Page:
Shayne Elliott is saying no to dividend payments for now. ANZ may reconsider in August depending on how things go – but don’t bank on it.
Once weve paid out a dividend, its hard to get it back, he declared. Perhaps that passes for banker black humour right now.
NAB announced on Monday that it would cut its interim dividend to 30¢, a payment costing it $800 million, while it also raised $3.5 billion from institutional and retail shareholders. Westpac will clarify its version of the balancing act in its results announcement on Monday.
But ANZ chairman David Gonski was particularly determined to stick to the strictest interpretation of the regulators letter of caution on dividends, even though Elliott described it as less of a “directive than a direction”.
Shayne Elliott is still prepared to predict it will take three to five years for employment to fully recover.
This does come with the proviso that deferral means the question of payment can be reconsidered when the extent of economic pain becomes clearer along with the June quarter figures.
What all Australian banks do share is complete uncertainty about how much worse economic conditions will get in the short term despite all that elaborate modelling.
In ANZs base case, for example, the economy contracts by 13 per cent this quarter while unemployment rises to 13 per cent although with a modest improvement to a 4.7 per cent contraction and 9 per cent jobless rate by the end of 2020. As Elliott points out, this is a very grim outlook even if this scenario suggests growth of 4.7 per cent next year.
The bank has also modelled the possibility of a much more severe downturn. To the ire of some bank analysts, ANZ chose not to reveal details of this extremely gloomy scenario because it might be misleading.
This is not a formula where you bang a few numbers in and hey presto, the answer comes out, he said.
Elliott is still prepared to predict it will take three to five years for employment to fully recover.
Even if the economy opens up the reality is the economy will look very different and a lot of companies sadly wont be viable, he said. The economic crisis and the impact on the banks will be with us longer than after normal conditions are resumed. There will be a lag effect and it will be significant.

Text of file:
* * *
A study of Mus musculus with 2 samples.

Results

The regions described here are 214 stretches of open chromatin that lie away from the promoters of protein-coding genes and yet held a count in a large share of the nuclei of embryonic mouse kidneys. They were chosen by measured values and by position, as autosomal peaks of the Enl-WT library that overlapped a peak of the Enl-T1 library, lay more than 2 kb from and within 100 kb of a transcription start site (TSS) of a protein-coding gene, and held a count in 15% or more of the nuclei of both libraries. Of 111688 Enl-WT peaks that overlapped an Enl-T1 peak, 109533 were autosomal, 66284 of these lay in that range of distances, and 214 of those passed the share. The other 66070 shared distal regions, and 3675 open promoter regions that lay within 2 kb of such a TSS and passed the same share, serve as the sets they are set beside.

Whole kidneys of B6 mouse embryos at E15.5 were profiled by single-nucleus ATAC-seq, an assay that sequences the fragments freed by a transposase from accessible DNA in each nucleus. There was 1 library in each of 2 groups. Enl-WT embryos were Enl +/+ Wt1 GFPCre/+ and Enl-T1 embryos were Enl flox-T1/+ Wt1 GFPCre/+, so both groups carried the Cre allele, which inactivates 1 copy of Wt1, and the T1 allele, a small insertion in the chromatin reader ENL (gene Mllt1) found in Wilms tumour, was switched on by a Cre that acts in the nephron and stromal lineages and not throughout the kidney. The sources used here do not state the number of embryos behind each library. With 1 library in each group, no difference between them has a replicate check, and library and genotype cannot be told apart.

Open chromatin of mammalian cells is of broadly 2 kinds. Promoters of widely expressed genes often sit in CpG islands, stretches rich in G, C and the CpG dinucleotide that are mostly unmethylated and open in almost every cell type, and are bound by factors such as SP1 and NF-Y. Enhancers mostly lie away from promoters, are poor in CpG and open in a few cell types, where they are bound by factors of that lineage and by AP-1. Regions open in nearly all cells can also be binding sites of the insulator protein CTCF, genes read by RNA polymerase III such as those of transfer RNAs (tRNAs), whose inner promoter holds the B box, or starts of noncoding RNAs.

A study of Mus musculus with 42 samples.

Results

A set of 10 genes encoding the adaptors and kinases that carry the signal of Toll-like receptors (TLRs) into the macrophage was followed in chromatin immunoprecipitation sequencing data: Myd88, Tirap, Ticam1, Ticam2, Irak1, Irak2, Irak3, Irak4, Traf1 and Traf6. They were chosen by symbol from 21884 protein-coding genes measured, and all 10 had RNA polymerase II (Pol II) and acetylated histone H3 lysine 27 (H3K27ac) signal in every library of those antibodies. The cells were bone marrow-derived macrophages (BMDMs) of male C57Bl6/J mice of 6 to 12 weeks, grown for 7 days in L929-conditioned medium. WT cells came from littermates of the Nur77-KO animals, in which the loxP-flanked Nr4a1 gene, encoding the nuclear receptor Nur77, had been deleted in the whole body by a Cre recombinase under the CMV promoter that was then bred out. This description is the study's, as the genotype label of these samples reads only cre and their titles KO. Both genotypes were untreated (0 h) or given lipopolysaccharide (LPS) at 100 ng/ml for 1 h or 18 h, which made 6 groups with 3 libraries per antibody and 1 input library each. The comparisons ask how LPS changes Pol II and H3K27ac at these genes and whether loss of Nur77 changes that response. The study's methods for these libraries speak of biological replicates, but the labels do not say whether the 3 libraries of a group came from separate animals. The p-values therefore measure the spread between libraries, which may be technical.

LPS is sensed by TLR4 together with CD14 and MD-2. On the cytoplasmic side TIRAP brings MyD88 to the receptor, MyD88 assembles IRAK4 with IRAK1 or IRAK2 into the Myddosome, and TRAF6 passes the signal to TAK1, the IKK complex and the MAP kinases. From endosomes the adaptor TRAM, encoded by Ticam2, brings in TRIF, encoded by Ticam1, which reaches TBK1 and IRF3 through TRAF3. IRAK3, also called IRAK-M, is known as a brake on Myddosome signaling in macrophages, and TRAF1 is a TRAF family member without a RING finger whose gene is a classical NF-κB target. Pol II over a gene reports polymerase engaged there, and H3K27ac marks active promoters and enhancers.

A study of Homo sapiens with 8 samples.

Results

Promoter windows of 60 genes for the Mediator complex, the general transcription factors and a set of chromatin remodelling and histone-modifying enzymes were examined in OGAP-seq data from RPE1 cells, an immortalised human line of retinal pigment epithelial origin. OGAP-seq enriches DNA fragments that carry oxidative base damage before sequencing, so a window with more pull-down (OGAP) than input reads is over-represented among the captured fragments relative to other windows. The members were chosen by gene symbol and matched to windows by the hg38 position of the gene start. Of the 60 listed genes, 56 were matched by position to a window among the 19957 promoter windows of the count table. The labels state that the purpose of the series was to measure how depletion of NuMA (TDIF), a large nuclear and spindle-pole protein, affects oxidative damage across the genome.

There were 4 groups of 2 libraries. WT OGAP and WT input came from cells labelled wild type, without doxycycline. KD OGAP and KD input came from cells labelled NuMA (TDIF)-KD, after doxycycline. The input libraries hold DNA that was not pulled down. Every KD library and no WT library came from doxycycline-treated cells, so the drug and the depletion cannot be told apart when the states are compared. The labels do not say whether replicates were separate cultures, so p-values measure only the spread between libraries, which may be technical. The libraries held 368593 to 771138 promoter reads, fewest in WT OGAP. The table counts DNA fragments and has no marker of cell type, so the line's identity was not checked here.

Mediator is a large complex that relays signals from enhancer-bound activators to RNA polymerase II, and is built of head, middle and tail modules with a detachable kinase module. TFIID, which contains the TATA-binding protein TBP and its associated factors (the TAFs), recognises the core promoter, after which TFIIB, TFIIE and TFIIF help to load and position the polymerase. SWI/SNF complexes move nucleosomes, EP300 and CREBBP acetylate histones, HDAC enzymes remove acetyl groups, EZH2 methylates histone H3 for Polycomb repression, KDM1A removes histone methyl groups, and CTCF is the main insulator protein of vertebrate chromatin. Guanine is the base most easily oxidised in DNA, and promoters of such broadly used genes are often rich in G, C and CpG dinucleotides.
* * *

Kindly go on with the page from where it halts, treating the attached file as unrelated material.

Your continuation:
One immediate result is that ANZ has already allocated an additional $1 billion to cover the impact of the coronavirus, contributing to a 60 per cent fall in its cash profit for the six months to March 31 relative to the previous year.
About 10 per cent of ANZs home loan customers have asked for six-month interest payment deferrals on $36 billion worth of loans and 15 per cent of its business customers with $7.5 billion of business loans have done the same.
But the initial rush of deferral applications will also mean a surge in a simultaneous expectation of normal repayments resuming in September when many households and businesses will clearly not be in any better shape.
According to Elliott, the bank increased lending to big companies by $8 billion as larger ones gave themselves the safety of extra liquidity to be used as needed. In contrast, any surge in lending to small and medium-sized companies was not as big as imagined.
The government had initially hoped billions of dollars worth of government-guaranteed cheap loans provided to the banks would entice more SMEs to borrow to get through the crisis. Not surprisingly, most have been reluctant to take on yet more debt in such difficult times.
What has been most remarkable, Elliott says, is the ability of corporate Australia, from big to small companies, to reduce operating costs as a way of moving into survival mode. He expects many costs wont be allowed to creep back, leading to leaner organisations and productivity gains being baked in.
For most businesses, however, that remains a highly optimistic view of their immediate future. For every company such as Fortescue Metals Group reporting yet another set of extremely strong results and profits for the March quarter on Thursday, there are many more in a highly uncertain survival mode.
Different states are slowly beginning to ease some of their tougher restrictions ahead of a more comprehensive review by the national cabinet in the week beginning May 11. But while Donald Trump still insists the US economy will rebound strongly in the December quarter, in time for the November election, Scott Morrison no longer enthusiastically talks about the Australian economy bouncing back in six months.
He knows theres no back-to-normal in sight for banks or most other businesses.